Looking back, it’s not surprising that electronic dance music made such a splash in the U.S. during the mid-1990s. The alternative rock revolution launched by Nirvana’s Nevermind had curdled into mediocrity, with bland and soulless copycat bands polluting both the charts and airwaves. Music fans were restless; they wanted something new.
Some latched on to the burgeoning alt-country movement, while others turned to the more ironic brand of indie rock offered by groups like Pavement. Then there were those who simply bided their time, waiting for that Next Big Thing.
Enter the Prodigy.
The Prodigy, already a success overseas, crashed into the American consciousness with 1997’s The Fat of the Land, part of a wave of electronic music from the UK that briefly captivated American listeners during the final years of the Clinton era. This music filled the country’s dance clubs, yes, but it didn’t stop there. You heard it at fraternity parties and on movie soundtracks. You saw the videos on MTV. It even got its own cute marketing name: “Electronica”.
Mainstream interest in electronic dance music died down pretty quickly, and it wouldn’t catch fire again until the latter half of the 2000s. But the initial burst allowed acts like the Prodigy, Fatboy Slim and the Chemical Brothers to sell a ton of records.
The Fat of the Land was one of the bigger hits, selling 2.8 million copies in the U.S., and many current American EDM artists cite it as their own Rubber Soul. The album — a frenzy of hip-hop swagger, buzz-saw synths and a few snarling vocal turns by Keith Flint, who sounds a bit like Johnny Rotten might if possessed by the devil — has just been reissued in a 15th anniversary package that features the original tracks and a slew of remixes by today’s EDM stars.
So how do the songs hold up a decade and a half later? Pretty well, for the most part. The Prodigy’s attack was always visceral rather than cerebral, and most of the tracks still land like a karate chop to the neck. None more so than the controversial opener “Smack My Bitch Up”, which was accused by some of being misogynistic back in the day because of the oft-repeated title phrase. The lyric, which was sampled from a rap song by the Ultramagnetic MCs, is juvenile and stupid, an unfortunate blot on what otherwise remains a galvanizing piece of dance music.
The record’s other singles, “Breathe” and “Firestarter”, still seethe with menacing power. And the adventurous “Climbatize” weaves everything from animal-like chirps to Eastern horn sounds into a hypnotic groove. Here was a tune that showed how the Prodigy could deliver more than muscular dance beats.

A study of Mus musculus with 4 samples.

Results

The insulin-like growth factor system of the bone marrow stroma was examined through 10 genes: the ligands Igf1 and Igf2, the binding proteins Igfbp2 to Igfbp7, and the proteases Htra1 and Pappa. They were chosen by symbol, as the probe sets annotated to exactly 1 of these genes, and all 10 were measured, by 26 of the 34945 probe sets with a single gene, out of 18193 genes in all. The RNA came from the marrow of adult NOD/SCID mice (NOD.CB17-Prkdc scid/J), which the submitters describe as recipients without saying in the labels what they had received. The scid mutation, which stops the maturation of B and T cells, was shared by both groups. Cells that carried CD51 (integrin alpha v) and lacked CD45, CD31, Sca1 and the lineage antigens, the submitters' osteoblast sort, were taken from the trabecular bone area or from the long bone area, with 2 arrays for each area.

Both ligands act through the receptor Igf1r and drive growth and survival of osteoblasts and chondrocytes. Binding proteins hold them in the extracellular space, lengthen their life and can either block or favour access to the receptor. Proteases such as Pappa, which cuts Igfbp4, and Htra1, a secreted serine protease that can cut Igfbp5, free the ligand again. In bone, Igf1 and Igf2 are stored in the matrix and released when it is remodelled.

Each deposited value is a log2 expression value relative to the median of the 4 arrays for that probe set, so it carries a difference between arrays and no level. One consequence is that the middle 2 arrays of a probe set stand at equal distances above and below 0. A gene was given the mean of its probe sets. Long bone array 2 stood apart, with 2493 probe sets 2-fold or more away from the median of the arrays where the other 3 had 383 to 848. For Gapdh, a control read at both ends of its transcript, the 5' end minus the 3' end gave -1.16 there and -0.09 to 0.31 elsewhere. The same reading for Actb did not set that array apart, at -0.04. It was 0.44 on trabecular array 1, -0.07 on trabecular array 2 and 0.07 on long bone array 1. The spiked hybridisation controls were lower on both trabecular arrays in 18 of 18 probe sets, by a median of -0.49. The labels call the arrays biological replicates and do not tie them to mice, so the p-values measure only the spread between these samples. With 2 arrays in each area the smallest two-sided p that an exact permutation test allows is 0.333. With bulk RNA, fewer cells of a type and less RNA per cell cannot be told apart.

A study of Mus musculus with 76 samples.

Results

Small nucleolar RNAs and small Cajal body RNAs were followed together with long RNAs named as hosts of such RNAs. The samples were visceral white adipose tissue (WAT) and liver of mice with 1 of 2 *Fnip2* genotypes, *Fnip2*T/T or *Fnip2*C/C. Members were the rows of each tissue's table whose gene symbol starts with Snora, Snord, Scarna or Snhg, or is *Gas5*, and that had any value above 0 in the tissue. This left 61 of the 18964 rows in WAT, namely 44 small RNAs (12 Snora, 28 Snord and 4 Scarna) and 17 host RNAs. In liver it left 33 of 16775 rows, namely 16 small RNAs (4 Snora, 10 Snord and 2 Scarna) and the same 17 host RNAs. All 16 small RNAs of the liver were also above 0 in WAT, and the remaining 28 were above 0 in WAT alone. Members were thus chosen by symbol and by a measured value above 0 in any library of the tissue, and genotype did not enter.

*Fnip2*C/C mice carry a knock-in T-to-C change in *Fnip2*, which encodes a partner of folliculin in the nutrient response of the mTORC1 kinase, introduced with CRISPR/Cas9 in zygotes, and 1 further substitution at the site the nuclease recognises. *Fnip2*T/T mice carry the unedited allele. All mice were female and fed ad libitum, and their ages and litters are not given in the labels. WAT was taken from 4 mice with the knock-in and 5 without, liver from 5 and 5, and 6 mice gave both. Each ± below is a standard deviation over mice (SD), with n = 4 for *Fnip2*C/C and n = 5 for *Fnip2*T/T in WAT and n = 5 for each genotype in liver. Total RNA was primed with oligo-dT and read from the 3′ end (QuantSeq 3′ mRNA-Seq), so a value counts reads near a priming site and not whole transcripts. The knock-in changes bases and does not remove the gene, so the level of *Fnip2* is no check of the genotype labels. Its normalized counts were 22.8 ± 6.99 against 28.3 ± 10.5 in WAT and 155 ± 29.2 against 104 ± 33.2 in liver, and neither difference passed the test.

A few of the songs creak a bit with age. “Diesel Power”, which includes a vocal by Kool Keith, sounds generic and outdated. “Fuel My Fire”, the Prodigy’s reworking of an L7 song, makes you long for the unadorned punk fury of the original. Overall, though, this key document of late 1990s pop culture holds its own in the 21st century.
Of course, longtime fans of the Prodigy probably know all that already. For them, the interest will lie in the six remixes included with this reissue. The remixes come from current EDM heroes, which seems like an effort to give this “old” music a contemporary sheen. Honestly, they needn’t have bothered. There’s some interesting stuff in the remixes, but they’re hardly essential listening, and they don’t surpass the originals.
Both Noisia and Major Lazer take swings at “Smack My Bitch Up”. Noisia adds a lurching, booming break to the middle of the song, while Major Lazer delivers a slightly more playful take. Zeds Dead, meanwhile, provides a jarring overhaul of “Breathe” that includes a faster techno-style drumbeat and periodic explosions of bass-heavy synths — for my money, it’s the most memorable remix here. The other remixes come from Baauer (“Mindfields”), the Glitch Mob (“Breathe”) and Alvin Risk (“Firestarter”).
The reissue of The Fat of the Land is available on CD and vinyl, though the vinyl version doesn’t contain the remixes. (Those songs are available on vinyl separately as The Added Fat EP.) It’s a decent package, particularly for younger EDM fans, who can now find out just how the geezers used to do it.